Mimecast digs its way into the information bank
vault box thinking
Analysis Mimecast is recasting itself as an information banker and looking for new types of data it could store and new ways to mine the banked information.
The company is a UK-based concern offering e-mail as a service and working to add the storage of unstructured files and SharePoint information to what is an e-mail capture, indexing, search and archive platform offering.
It has a chief scientist, Nathaniel Borenstein, who was hired three months ago and was previously an IBM distinguished engineer. He joined the company to achieve things he couldn't do at IBM. There, the corporate bureaucracy and excessive company size meant that it was virtually impossible co-ordinate all the relevant company resources on topics such as SPAM control. During 2006 he had a meeting set up between IBM and Symantec to discuss an anti-SPAM alliance and found out IBM had bought Symantec's then biggest competitor Internet Security Systems on the day of the meeting, rendering it pointless and embarrassing.
Mimecast, he says, is a company that is fast-growing and past the early start-up phase with its 150 or so employees, yet small enough for left hands to know what right hands are doing.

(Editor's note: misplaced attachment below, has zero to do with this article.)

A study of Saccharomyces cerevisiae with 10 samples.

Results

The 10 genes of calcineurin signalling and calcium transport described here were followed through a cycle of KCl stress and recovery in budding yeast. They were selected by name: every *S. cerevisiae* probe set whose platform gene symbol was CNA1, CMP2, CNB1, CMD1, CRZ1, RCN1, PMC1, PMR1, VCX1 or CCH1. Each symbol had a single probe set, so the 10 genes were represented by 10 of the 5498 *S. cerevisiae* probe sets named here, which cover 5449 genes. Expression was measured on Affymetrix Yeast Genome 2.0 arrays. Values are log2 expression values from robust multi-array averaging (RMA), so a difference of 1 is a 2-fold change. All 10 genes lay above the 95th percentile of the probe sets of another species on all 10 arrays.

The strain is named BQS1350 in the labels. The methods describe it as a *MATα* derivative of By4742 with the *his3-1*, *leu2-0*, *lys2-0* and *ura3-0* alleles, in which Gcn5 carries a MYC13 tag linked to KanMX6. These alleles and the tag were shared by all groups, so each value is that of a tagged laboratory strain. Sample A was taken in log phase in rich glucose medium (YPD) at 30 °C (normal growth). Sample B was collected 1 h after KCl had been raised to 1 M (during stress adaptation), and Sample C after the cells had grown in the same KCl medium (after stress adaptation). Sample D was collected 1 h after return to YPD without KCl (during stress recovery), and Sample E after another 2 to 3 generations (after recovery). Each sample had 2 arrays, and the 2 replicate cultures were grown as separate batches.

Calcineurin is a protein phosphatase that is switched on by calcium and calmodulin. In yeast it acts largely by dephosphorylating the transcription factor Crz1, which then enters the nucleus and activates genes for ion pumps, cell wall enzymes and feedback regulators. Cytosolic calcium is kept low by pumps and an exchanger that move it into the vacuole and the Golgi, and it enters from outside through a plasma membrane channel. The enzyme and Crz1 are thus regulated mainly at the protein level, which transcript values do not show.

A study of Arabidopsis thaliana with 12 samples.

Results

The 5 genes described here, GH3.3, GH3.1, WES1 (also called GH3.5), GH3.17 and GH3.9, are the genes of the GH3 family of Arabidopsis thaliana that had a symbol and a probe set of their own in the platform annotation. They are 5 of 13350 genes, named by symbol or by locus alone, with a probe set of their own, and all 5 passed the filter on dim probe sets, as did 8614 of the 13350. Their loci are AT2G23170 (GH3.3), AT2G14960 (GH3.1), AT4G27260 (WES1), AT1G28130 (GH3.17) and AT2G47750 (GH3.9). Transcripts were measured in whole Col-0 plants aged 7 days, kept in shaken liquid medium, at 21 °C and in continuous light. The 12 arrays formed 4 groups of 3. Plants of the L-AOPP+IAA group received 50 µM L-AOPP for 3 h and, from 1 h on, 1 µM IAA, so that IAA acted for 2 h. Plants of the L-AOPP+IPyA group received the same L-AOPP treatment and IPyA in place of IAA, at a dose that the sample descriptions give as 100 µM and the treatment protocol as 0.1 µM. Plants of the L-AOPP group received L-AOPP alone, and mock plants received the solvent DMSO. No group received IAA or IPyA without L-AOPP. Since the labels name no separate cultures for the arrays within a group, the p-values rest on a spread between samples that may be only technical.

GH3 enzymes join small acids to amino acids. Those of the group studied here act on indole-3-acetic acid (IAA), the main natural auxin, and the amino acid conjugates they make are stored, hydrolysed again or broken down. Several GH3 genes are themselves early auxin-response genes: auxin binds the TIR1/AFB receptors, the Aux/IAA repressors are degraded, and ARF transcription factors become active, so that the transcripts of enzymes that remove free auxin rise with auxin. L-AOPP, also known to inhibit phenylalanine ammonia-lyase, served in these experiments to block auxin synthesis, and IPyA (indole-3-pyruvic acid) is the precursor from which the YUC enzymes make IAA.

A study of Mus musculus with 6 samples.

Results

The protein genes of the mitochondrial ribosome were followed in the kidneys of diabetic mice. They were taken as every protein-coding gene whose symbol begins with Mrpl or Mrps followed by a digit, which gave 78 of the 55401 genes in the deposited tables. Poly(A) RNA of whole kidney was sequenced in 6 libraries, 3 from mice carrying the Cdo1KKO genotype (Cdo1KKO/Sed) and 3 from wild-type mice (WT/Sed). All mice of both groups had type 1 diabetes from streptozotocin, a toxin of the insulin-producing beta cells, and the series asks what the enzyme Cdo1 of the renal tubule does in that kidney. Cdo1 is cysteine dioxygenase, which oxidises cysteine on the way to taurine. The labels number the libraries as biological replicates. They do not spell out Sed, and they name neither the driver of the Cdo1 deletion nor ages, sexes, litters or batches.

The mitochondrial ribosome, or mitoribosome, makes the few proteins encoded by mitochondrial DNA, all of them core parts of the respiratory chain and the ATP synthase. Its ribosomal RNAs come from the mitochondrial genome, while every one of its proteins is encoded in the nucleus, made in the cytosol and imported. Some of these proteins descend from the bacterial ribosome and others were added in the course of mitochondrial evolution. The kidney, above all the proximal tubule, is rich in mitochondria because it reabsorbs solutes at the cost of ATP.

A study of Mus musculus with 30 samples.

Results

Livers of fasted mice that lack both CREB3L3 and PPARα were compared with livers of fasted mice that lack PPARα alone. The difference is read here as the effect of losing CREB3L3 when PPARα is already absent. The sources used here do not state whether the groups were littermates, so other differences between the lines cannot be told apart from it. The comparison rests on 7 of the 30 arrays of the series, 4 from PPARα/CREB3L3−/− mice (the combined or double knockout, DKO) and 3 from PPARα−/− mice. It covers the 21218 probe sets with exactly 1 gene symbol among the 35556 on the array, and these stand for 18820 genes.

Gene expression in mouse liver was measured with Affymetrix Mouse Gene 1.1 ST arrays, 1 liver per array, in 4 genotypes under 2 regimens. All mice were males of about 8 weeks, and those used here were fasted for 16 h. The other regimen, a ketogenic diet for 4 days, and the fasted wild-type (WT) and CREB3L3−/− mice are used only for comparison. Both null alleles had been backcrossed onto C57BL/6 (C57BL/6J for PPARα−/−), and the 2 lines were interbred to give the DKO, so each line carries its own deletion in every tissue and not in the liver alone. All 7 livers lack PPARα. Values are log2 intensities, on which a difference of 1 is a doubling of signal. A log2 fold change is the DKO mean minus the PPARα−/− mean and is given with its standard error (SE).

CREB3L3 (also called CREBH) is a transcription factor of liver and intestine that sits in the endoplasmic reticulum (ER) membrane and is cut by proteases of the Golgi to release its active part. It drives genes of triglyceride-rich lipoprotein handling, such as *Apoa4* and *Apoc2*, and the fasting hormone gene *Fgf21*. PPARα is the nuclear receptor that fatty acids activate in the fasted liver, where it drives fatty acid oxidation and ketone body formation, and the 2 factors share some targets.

He owns, or can look at, all the technology not owned by co-founder and Chief Technology Officer Neil Murray. We might say he is licensed to think outside the existing Mimecast box.
It's a truism that information is today's business currency. Borenstein considers Mimecast is like a bank that takes in customer information deposits. He is looking at capturing and storing new types of information on the one hand, and new ways of mining it on the other.
"Archiving e-mail is fixing a big enough pain for customers. Suppose, you could do ... telephony archiving in the same way as email. ... You could run phone messages through voice recognition and transcription processing and get rough voice speech records ... and have them searchable."
Storing voice-over-IP (VOIP) calls would be a little simpler as they are digital when they enter the system. He says: "HPPA data requirements don't generally apply to phone calls because phone record archiving was not thought to be possible when HPPA was conceived."
Borenstein reckons telephony recording might be a good idea for lawyers and finance trading companies: "Lawyers could choose it in advance of regulation." In the finance world regulators might find it very desirable to have a record of all traders' business calls when investigating market irregularities.
He is wondering whether this would be a service worth selling, and thinks it would be a Pandora's box-type thing. Once it was out in the wild you couldn't put it back: "Mobile operators or telcos could make it available and you won't have any say in it."
The water cooler guy
Another thing you could do is mine stored data for new patterns of information, such as discovering the social network connections between employees: "You could use email data to generate social networking maps."